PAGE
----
Famine, Disease and the Social Order in Early Modern Society

Famine, Disease and the Social Order in Early Modern Society


  • Paperback | 352 pages
  • 155 x 230 x 20mm | 579.99g
  • Cambridge, United Kingdom
  • English
  • 21 b/w illus. 11 tables
  • 0521406137
  • 9780521406130
  • 2,163,827

Review quote

'Famine, Disease and the Social Order in Early Modern Society, a worthy tribute to the late Andrew B. Appleby is to be welcomed for its staunch determination to set historical demography in the thick of a total history, one in which the study of populations, nutrition and human biology is mediated through the practices and ideologies of society at large. In what is an unusually integrated collection of essays - all eight authors address a tight repertoire of issues - the role of human agency, responding to pressures and prospects, is constantly raised.' Roy Porter, The Times Literary Supplement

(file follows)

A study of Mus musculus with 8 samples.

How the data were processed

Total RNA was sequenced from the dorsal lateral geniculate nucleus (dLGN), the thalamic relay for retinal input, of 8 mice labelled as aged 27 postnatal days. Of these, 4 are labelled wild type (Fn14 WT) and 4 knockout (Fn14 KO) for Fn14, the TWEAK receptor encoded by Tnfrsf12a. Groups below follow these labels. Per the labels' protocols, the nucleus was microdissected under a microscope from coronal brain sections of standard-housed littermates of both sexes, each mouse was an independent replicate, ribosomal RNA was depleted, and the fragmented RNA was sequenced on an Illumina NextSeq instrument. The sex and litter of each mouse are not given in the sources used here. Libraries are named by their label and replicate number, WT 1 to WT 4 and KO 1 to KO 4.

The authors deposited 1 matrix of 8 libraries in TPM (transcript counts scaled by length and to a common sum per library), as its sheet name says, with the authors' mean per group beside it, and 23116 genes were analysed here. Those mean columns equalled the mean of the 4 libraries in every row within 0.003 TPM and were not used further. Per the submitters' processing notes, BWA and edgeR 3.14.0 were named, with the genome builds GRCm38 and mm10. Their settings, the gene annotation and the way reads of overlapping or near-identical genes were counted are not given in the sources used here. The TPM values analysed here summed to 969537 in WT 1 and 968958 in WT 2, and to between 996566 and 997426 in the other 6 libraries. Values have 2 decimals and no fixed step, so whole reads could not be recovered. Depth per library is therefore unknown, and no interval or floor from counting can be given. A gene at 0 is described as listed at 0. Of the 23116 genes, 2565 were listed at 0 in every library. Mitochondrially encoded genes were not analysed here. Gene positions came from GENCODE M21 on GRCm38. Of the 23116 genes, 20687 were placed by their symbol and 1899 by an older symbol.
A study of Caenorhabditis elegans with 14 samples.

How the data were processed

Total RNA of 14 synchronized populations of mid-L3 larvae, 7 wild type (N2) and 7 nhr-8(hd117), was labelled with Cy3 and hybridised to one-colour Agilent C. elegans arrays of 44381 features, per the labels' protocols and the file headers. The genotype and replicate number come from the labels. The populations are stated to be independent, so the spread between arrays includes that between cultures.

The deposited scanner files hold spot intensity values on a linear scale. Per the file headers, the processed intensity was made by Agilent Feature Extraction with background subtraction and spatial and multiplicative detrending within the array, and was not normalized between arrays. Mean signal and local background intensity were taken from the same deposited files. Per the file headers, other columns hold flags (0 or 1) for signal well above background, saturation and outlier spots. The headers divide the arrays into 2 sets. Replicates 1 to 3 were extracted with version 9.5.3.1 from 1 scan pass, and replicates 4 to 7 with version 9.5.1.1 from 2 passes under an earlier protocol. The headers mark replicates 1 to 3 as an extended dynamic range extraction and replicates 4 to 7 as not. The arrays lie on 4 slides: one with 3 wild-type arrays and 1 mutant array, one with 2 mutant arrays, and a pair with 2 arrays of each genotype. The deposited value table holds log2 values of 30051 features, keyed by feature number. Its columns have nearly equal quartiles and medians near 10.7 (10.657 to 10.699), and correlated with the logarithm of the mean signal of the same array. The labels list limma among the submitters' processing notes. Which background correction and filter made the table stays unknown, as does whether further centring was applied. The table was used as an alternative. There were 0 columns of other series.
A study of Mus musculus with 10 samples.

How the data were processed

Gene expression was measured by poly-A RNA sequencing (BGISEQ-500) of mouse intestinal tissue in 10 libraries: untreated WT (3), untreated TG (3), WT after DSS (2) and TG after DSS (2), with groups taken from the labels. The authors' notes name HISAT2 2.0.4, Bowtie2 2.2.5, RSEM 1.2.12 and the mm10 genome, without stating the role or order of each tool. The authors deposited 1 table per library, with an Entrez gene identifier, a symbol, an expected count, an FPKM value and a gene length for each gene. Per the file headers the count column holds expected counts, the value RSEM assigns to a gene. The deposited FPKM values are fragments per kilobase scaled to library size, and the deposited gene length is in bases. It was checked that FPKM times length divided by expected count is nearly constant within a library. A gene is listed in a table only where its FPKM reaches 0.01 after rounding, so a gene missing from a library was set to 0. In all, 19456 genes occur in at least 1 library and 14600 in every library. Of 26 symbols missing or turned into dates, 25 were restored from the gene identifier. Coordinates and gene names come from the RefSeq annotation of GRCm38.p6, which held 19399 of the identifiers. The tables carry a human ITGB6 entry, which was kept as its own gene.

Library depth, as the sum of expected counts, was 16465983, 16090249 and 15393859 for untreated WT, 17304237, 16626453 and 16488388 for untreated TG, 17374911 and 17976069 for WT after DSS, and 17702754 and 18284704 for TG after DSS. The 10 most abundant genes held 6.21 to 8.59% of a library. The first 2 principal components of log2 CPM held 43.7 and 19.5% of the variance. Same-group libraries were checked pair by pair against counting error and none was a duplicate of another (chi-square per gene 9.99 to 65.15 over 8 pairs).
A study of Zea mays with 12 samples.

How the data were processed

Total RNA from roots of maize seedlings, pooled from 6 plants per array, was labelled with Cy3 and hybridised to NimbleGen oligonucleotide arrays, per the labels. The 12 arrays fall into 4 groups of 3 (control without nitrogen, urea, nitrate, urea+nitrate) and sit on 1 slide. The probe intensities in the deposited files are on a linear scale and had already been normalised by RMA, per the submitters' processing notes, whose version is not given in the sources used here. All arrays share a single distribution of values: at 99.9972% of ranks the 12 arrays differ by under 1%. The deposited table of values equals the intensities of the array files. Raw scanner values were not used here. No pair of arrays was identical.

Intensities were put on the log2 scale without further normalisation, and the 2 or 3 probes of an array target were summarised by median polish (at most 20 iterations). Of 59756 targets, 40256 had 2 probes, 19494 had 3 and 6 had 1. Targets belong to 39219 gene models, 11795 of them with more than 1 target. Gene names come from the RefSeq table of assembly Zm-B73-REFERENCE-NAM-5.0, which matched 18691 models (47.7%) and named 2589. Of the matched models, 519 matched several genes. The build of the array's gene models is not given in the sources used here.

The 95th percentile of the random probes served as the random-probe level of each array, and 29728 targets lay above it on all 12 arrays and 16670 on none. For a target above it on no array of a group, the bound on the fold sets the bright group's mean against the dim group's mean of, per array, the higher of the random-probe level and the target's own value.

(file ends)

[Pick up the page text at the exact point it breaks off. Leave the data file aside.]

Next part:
List of figures; List of tables; Andrew Appleby: a personal appreciation Peter Laslett; A bibliography of Andrew B. Appleby's principal works in chronological order; List of abbreviations; 1. Famine, disease and crisis mortality in early modern society John Walter and Roger Schofield; 2. The social economy of death in early modern England John Walter; 3. Death in Whickham Keith Wrightson and David Levine; 4. The response to plague in early modern England: public policies and their consequences Paul Slack; 5. Demographic crises and subsistence crises in France 1650-1725 Jacques Dupaquier; 6. Markets and mortality in France, 1600-1789 David R. Weir; 7. Some reflections on corn yields and prices in pre-industrial economies E. A. Wrigley; 8. Family structure, demographic behaviour and economic growth Roger Schofield; Consolidated bibliography; Index.